Doctor insights on:
Non Hodgkin's Lymphoma Rash
Diagnosis. B.Cell non hodgkin, s lymphoma favor burkitt, s lymphoma. This us the result of biopsy taken during appendicectomy. D20 positive and tdt neg?
CD20 is a B-Cell: Marker hence the assignment of a b-cell nhl. Tdt is an immunohistochemical stain used to classify blood cells. Burkitt's is a very aggressive process -- get started on a plan with a hematologist straight away. ...Read more
Scans and biopsy: Patients may have a lump(s) or feel quite ill with fever, night sweats, weight loss and/or anemia which brings them in to the ED or md. Many times blood tests and scans/x-rays are done which lead to a suspicion of lymphoma. A biopsy is required to prove that indeed the patient has lymphoma and also to tell exactly what type of lymphoma they have. ...Read moreSee 1 more doctor answer
Still good prognosis: Survival rates for nhl vary widely, depending on the lymphoma type, stage, age of the patient, and other variables. The overall 5-year relative survival rate for patients with non-hodgkin’s lymphoma is 63% and the 10-year relative survival rate is 51%. All the best, hk. ...Read more
"Very": In general (generalizing 40+ lymphomas), nhl is very responsive to chemotherapy. Refractory (non-responsive) nhl is bad. Not all nhl is curable (eg follicular lymphoma), but even in those cases people often do well with continued treatments and/or maintenance therapy. There are some very difficult/bad lymphomas such as ptcl and lymphomas can cause bad symptoms at diagnosis such as svc syndrome. ...Read moreSee 1 more doctor answer
Many, depends: There are many treatment options for non-hodgkin's lymphoma (nhl). There are 40+ sub-types of nhl. While many have the same treatment, the treatment approach and treatment intent varies by lymphoma. If the nhl is cd20+ then the monoclonal antibody Rituximab can be used alone or in combination with standard (cytotoxic) chemotherapy. Other potential tx include radiation and clinical trials. ...Read moreSee 1 more doctor answer
No: Only indication is for hodkin's disease, and even in that condition, where it is used as part of the "mopp" regimen, it has been replaced by other regimens. It may have slight activity in other lymphomas but there are now many other effective chemotherapeutic and biologic choices. ...Read more
Along with your Dr.: Your oncologist will review your type of non-hodgkin lymphoma and then discuss treatment. A clinical trial may also be offered and this may take some time on your part to review the study that is given to you. Of course, your doctor and his/her staff, including the research team should be available to help you make a decision on a clinical trial. ...Read moreSee 1 more doctor answer
Not really: Non-hodgkin's lymphomas are a very large group of diseases. Lymph cell can be called t cells or b cells based on surface proteins. T cell lymphomas are just one group of non-hodgkins lymphomas. There are also several types of those tcell lymphomas. ...Read more
Depends: Chemotherapy can make you tired as well as your disease. Depending on your overall condition, it may be hard to work full time or at all. The portacath may limit some types of exercise and work duties. It is also good to stay out of crowds to reduce infection. Having said that, I have many patients who have little change in their routine except on the days they receive chemotherapy. ...Read moreSee 1 more doctor answer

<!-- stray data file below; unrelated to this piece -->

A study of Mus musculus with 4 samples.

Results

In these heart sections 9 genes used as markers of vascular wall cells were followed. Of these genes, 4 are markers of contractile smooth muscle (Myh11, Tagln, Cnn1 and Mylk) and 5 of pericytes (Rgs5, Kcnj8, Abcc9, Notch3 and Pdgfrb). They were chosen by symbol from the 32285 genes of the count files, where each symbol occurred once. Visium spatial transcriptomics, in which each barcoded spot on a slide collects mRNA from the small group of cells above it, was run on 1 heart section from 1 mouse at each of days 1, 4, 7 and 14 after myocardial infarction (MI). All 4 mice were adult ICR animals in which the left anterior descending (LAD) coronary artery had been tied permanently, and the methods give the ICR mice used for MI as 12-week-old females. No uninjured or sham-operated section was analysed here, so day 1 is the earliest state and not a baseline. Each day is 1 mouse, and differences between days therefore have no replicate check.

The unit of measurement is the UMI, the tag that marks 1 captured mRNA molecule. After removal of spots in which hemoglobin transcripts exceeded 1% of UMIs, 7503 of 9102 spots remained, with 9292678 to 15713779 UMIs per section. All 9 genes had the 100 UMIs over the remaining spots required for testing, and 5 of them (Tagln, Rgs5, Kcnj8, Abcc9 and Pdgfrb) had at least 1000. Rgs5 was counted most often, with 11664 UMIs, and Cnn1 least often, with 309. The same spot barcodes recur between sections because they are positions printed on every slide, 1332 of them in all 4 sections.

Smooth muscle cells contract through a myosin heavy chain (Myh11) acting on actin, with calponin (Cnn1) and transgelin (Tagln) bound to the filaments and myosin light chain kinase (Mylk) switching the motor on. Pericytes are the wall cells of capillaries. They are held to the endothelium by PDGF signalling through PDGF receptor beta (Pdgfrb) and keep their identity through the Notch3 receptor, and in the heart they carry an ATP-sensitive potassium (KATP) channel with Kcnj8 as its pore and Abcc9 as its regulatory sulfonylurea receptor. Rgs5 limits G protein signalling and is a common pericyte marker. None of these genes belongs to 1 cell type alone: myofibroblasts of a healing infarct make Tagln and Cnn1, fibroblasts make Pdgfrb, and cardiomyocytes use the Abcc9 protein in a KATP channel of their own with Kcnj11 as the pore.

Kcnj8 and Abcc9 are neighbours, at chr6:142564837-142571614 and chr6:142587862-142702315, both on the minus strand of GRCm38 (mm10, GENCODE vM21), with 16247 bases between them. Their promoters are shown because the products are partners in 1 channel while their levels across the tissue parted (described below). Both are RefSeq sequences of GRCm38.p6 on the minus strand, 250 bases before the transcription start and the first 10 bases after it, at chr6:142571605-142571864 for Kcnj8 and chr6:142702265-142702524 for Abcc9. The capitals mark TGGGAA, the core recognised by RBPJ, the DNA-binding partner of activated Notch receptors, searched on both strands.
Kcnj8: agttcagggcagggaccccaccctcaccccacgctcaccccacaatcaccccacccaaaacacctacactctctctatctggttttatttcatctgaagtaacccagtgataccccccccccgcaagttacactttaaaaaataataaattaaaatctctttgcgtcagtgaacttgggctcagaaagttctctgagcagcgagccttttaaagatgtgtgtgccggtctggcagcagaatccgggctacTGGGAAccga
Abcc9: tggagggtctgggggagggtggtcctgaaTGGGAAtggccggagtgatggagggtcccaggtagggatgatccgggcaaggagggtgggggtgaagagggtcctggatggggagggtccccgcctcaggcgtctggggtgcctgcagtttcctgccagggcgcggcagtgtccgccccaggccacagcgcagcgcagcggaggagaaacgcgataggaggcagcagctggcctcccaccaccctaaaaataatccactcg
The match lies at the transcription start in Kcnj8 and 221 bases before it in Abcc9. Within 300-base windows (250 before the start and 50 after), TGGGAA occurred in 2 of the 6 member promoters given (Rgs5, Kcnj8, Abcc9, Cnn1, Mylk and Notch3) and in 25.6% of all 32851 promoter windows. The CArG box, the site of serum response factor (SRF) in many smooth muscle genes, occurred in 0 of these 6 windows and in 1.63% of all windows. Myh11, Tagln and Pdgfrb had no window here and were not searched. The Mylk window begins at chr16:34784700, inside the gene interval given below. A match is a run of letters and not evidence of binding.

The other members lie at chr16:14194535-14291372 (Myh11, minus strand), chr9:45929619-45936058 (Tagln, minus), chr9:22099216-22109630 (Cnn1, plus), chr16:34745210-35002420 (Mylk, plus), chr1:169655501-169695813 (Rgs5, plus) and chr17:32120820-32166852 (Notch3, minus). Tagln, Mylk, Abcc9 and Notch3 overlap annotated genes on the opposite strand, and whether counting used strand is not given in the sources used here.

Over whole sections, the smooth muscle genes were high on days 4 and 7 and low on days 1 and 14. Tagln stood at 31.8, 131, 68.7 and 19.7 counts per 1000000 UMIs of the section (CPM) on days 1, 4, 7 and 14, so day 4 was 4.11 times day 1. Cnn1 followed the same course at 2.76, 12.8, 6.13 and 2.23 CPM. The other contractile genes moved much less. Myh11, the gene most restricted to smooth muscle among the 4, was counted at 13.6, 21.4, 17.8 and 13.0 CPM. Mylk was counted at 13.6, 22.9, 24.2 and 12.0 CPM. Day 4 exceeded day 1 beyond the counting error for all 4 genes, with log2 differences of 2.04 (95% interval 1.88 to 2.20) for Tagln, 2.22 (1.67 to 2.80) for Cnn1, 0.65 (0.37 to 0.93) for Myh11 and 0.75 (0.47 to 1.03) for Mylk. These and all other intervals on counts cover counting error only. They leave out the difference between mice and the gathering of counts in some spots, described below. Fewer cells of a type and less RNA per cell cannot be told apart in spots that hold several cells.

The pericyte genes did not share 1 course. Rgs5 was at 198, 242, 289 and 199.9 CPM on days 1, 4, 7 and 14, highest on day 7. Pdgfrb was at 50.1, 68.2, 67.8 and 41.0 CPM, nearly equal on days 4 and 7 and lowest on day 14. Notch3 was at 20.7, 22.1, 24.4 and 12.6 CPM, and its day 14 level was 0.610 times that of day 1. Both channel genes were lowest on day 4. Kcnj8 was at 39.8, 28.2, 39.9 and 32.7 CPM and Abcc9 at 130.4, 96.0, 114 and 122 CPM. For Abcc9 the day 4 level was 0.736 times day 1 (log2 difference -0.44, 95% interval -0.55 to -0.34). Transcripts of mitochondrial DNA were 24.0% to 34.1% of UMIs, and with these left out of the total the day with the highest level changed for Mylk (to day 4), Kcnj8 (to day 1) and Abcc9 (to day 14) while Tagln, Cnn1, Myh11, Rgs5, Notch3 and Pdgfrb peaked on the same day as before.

My grandmother has indolent Non-Hodgkin's lymphoma. Is this a risk factor for me. or is it only when a parent has it. ?
Low risk: Non Hodgkin's lymphoma, like most cancers, has a slight tendency to run in families. However, it's mostly just random chance that leads to the combination of mutations that cause the disease. Even identical twins are not at very high risk if the other gets it. So I would not worry about a history in grandparents. ...Read more
Lymph system cancer: Nhl is a large group of related cancers which originate in the lymph tissues of the body. These cells normally help fight infection but become cancerous and grow out of control. They may stay in the lymph nodes or also be found in any part of the body or organs. Some grow slowly (indolent) while others are more aggressive. You doctor will run a series of test to stage and type the lymphoma. ...Read moreSee 1 more doctor answer
Indefinitely: If you have completed your treatment and you are in remission, it is recommended that your are seen by an oncologist every 3-6 months for 5 years, and annually thereafter (2012 nccn guidelines). http://www.nccn.org/professionals/physician_gls/pdf/nhl.pdf. ...Read moreSee 1 more doctor answer
Usually swollen node: Nhl is a malignancy of the lymphatic system and can present anywhere in the body. There are over 50 subtypes of nhl depending on which organ in involves. Typically, it presents as enlarged lymph nodes and can be associated with other symptoms including fevers, weight loss, itching, shortness of breath. It is diagnosed by removal of a lymph node that is then assigned to the subtype. ...Read more
Reed-Sternberg: Cell, usual logical predictable spread. Nhl may be cd-20+ & b-cell, less predictable, wide ranging prognosis, from chronic & long to quite aggressive. Both treate with multi-aget chemo + rituxin in nhl. ...Read more
NO IT DOES NOT!: Having a family member with non-hodgkin's lymphoma (nhl) may only put you at a slightly increased risk of getting it yourself. But most people who get nhl don't have a relative who has had it, so it isn't a major risk factor. Here are some of the other possible risk factors: 1. Immune system deficiency 2. Automimmune disease 3. Exposure to certain chemicals or radiation 5. Certain infections. ...Read moreSee 1 more doctor answer
Lime Green: Not really sure why. Hodgkins disease is violet. ...Read more
Anyone briefly tell me what lymphoma (non hodgkin's) is and what types of things/viruses can cause it?